Finding common ground

On the advice of a published author who reviewed my book proposal, I am digging up memoirs written by journalists. I’m a former journalist, see, so my writing style is, well, journalistic. Theoretically, an agent attracted to straightforward, well-researched writing in another journalist’s memoir might be attracted to mine.

I immediately thought of Mariane Pearl’s memoir of her husband’s abduction and execution, “A Mighty Heart: The Brave Life and Death of My Husband, Danny Pearl.” Danny Pearl was kidnapped and murdered in Pakistan while reporting on terrorism for the Wall Street Journal. Heartbreakingly, Mariane Pearl was pregnant when her husband died. She effectively portrays her husband’s humanity in the face of awful inhumanity, and the book is a real page turner, even though you know how it turns out.

And I recently read “Falling Apart in One Piece: One Optimist’s Journey Through the Hell of Divorce” by Stacy Morrison, who was editor-in-chief of Redbook magazine when her husband of 10 years decided he was unhappy and wanted out. Morrison deftly and fairly handles the uncertainty of her milquetoast husband and her own feelings about her marriage and the child they shared. In the space of 239 pages, she makes it clear that nothing is clear. In my experience, divorce is murky like that. Pat answers — it was his fault, it was her fault — never really explain what really happened.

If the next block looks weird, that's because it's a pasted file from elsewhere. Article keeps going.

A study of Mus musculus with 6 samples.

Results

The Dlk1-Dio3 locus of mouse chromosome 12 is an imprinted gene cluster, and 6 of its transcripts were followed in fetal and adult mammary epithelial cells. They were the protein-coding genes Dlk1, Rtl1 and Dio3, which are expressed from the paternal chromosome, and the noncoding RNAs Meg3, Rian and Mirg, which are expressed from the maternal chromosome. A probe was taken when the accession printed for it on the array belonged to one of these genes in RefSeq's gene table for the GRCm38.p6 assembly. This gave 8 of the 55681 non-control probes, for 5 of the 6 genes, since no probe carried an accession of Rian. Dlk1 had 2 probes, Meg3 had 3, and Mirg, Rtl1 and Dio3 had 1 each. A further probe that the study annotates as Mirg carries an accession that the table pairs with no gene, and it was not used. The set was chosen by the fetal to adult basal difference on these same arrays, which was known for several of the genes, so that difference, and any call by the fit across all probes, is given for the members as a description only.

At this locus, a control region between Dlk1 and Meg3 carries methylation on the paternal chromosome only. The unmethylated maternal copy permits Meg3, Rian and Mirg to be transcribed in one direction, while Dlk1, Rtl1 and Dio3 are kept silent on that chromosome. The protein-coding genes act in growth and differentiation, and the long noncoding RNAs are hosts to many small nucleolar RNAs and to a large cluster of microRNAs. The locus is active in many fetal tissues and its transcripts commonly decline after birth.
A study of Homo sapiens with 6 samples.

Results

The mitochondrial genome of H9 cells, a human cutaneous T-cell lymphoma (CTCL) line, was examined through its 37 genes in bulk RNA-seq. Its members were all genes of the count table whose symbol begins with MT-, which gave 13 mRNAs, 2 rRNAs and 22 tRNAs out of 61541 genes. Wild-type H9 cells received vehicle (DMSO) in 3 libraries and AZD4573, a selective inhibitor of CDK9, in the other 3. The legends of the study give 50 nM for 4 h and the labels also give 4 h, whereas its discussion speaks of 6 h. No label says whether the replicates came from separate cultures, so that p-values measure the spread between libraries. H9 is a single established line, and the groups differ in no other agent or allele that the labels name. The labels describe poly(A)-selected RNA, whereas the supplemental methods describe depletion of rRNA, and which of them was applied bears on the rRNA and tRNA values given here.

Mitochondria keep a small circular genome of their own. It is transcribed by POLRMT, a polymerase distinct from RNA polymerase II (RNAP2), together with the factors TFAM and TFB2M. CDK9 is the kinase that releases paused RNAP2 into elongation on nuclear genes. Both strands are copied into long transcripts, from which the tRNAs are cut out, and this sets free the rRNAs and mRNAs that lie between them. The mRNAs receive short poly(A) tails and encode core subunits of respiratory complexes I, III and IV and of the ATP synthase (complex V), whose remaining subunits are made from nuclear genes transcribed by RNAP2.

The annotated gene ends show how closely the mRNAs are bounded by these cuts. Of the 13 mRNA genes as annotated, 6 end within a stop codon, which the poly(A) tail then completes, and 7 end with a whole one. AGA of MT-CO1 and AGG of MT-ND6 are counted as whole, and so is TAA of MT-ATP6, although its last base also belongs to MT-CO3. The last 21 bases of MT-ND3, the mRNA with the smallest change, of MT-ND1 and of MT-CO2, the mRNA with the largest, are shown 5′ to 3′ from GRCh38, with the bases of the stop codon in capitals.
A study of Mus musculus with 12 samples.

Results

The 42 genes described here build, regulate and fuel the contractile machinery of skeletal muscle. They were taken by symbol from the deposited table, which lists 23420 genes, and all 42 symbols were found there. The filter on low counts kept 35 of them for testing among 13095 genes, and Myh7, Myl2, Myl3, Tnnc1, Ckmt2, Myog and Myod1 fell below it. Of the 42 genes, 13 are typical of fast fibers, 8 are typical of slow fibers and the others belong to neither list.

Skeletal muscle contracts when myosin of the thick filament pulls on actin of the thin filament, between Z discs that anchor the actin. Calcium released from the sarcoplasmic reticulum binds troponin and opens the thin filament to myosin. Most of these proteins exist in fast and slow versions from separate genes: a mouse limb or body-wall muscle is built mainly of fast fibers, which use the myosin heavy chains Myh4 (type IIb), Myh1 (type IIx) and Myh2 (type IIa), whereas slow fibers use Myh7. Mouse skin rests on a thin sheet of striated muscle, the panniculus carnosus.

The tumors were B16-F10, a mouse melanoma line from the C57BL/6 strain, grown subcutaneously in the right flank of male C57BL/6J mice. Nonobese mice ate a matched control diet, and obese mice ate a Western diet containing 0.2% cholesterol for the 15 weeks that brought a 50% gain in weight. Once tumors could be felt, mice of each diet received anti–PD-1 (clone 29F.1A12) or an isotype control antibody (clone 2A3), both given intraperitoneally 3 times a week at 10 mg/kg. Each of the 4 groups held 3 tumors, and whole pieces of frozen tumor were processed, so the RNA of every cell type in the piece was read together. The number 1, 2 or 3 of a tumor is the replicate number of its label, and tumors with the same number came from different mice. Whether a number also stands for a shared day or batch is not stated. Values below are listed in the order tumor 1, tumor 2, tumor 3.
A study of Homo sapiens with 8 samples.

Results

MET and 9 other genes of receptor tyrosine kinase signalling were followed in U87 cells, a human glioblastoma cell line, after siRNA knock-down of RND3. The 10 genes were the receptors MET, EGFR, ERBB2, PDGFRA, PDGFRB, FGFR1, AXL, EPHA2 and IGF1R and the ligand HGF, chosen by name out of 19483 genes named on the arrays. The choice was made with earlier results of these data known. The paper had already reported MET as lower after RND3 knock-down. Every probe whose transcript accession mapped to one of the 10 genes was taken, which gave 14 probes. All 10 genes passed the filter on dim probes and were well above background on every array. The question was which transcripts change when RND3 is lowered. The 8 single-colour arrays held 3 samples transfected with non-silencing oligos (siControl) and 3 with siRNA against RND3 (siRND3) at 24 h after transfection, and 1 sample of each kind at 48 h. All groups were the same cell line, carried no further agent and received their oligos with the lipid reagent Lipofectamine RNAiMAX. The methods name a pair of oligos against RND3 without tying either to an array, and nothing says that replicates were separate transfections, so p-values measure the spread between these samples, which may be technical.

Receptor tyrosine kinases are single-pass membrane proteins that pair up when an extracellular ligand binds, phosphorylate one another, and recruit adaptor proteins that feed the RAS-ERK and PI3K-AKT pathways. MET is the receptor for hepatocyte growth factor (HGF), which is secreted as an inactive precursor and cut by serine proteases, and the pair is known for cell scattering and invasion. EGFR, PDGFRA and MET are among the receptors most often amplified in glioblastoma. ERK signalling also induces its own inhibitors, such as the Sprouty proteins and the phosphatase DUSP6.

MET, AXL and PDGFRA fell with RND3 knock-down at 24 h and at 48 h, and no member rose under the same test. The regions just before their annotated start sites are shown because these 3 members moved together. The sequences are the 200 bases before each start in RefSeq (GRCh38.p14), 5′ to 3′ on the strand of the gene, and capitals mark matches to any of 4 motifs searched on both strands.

The published author with whom I consulted suggested I check out David Carr’s “The Night of the Gun: A Reporter Investigates the Darkest Story of His Life — His Own.” Apparently, Carr was a hopeless drug addict, and he had to piece together his past by retracing his steps. I understand his story is “riveting” but I can tell you his acknowledgements (and website) are less than revealing, at least of his agent’s name.

Then I googled “memoirs by journalists” and discovered Amazon has an entire category devoted to the genre: Nonfiction>Biographies & Memoirs>Professionals & Academics>Journalists. No. 1 is “Cheap Cabernet: A Friendship” by Cathie Beck. “A Mighty Heart” is No. 90. Interestingly, many of these offerings are e-books. Hmm.


  1. He’s not a journalist, but Alan Alda’s memoirs were amazingly well-written. His writing style is fairly straightforward too, so you might like him. His memoirs are humorous and uplifting to read. I don’t remember if he lists anything about his agent though; it’s been a while since I last read them.